Senator John Kerry says attacks a reminder of diplomats’ risk-taking, calls on Americans to resist ‘political punches’

US Senator John F. Kerry and other Massachusetts politicians issued strong condemnations this morning of the killing of Americans, including the chief diplomat to Libya, in a new spate of violence in the Middle East.

Kerry, chairman of the Senate Foreign Relations Committee, called the deaths of Ambassador Christopher Stevens and three other diplomats “heartbreaking.”

In an apparent reaction to criticism of President Obama from Republican Mitt Romney, he also called on Americans to unite and resist attempts to score political points. “It is exactly the wrong time to throw political punches,” he said in a statement. “It is a time to restore calm and proceed wisely.”


“It’s easy for a lot of people to forget that our diplomats are on the frontlines of the world’s most dangerous places and they’re there trying to make the world safer at great risk to themselves and their families,” he added. “He had the guts and grit to serve as our envoy during the rebellion, and his presence there reminded Libyans that America stood with them for freedom in the face of violence. He was continuing that noble work as ambassador with enormous skill. He was an important part of the work we are doing in Libya, and we will not let this deplorable violence turn back the progress he helped make possible.”

Kerry added that the violence in Cairo and Benghazi “is unacceptable and unjustifiable.”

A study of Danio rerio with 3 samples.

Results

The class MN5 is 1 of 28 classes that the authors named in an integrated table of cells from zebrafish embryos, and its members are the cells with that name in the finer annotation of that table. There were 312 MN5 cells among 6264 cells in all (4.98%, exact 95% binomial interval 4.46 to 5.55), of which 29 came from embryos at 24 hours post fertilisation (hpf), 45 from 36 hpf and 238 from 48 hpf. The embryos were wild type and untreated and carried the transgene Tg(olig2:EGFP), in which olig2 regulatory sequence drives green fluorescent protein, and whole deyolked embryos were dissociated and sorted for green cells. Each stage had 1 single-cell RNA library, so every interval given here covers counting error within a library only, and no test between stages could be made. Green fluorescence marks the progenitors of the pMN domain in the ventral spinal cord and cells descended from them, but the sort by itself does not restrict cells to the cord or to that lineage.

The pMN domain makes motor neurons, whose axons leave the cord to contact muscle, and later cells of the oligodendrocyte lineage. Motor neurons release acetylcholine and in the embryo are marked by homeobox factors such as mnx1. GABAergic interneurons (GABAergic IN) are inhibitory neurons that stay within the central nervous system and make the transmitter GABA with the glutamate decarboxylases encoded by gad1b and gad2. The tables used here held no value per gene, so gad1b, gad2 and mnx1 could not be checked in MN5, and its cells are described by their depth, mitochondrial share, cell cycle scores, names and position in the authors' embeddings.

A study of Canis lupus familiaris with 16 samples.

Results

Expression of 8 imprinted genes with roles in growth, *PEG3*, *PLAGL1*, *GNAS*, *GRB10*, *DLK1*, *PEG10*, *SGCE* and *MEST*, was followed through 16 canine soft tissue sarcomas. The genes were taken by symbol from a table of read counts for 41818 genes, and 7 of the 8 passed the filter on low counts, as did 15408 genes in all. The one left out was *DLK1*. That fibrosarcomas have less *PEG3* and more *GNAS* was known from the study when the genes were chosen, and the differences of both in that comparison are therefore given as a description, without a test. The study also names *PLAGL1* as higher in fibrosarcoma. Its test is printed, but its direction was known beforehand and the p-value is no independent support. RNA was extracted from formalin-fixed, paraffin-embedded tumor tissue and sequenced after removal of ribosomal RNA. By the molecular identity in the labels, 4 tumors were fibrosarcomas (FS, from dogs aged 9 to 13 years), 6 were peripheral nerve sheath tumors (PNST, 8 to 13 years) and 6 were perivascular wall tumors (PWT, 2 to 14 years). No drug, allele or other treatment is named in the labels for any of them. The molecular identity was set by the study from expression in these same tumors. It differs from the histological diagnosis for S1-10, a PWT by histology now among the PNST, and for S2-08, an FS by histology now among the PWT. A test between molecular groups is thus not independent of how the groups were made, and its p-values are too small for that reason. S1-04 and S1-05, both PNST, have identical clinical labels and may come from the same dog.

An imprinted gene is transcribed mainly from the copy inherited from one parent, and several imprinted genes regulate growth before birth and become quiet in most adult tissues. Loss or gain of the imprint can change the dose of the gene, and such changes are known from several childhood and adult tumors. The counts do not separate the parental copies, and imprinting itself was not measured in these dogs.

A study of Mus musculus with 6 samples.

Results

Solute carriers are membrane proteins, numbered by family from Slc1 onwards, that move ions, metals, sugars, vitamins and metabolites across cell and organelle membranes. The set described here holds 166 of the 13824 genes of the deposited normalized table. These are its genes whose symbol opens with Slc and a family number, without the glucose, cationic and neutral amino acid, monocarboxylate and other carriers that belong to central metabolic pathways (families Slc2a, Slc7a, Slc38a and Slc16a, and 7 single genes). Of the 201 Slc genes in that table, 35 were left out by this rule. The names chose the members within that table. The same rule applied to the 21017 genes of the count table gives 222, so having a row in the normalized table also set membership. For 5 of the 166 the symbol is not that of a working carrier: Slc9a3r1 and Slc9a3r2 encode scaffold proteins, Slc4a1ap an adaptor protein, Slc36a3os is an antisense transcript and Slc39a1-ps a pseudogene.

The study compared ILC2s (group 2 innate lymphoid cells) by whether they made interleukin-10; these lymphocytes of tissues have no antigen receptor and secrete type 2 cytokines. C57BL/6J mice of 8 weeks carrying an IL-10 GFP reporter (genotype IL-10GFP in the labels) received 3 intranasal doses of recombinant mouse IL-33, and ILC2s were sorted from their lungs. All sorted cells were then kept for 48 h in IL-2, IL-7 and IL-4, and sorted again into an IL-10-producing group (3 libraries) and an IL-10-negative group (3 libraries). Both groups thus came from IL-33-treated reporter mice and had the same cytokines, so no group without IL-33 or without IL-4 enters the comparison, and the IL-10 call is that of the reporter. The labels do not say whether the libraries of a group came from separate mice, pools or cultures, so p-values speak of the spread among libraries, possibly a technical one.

Though Kerry criticized the filmmaker whose anti-Muslim movie was thought to provoke the attacks, he said the reaction was despicable.

“The stupidity of one filmmaker, no matter how offensive, is not now, and never, a rationale for violence,” Kerry said. “A despicable act like this hurts us all – Americans and peaceful people who aspire to build their own democracy.

Scott Brown, the junior senator from Massachusetts, and Elizabeth Warren, his Democratic challenger, also added their voices this morning.

“I am shocked and saddened by the attacks on our consulate in Libya and embassy in Egypt that resulted in the murder of four Americans including our ambassador to Libya, Christopher Stevens,” Brown said in a statement.

“There is no justification for this cowardly act of violence,’’ Brown said. “My heart and prayers go out to the families of the victims.”

Brown, a Republican, serves on the Senate Armed Services Committee.

Warren said in a statement that “this senseless attack on our consulate in Libya is contemptible.”

“My thoughts and prayers are with the families of those whose lives were lost,” she added. “Right now, we should all honor the courage, dedication, and sacrifice of Ambassador Chris Stevens and the other Americans who gave their lives in the service of our country.”

So far, foreign policy has not figured prominently in the Brown-Warren campaign, which has been dominated by domestic economic issues.

A retired Boston University international relations professor who was a long-time US diplomat said today it was “a terrible loss” but he doesn’t expect the killing of the four Americans in Benghazi, Libya, will be the start of some kind of “conflagration” in that country.

“The Libyan people, in their overwhelming majority, are very, very sorry that this happened. There will be a great deal of sympathy for it,” said Professor Charles Dunbar, whose career included assignments as US ambassador in Qatar, Yemen, and charge d’affaires in Kabul, Afghanistan. “I spend a lot of time in the Arab world. Personalities matter a lot.”

Dunbar said Stevens, an Arabic speaker, was seen as a friend of the Libyan revolution and “very, very much believed in the country. ... This is not somebody who’s going to be easily replaced.”

Dunbar said that even though the revolution is over, Libyan society is still awash with weaponry — and disarming citizens has been a concern. “There are just a whole lot of different groups with a whole lot of different points of view that are armed and very difficult for the fledgling government to disarm,” he said.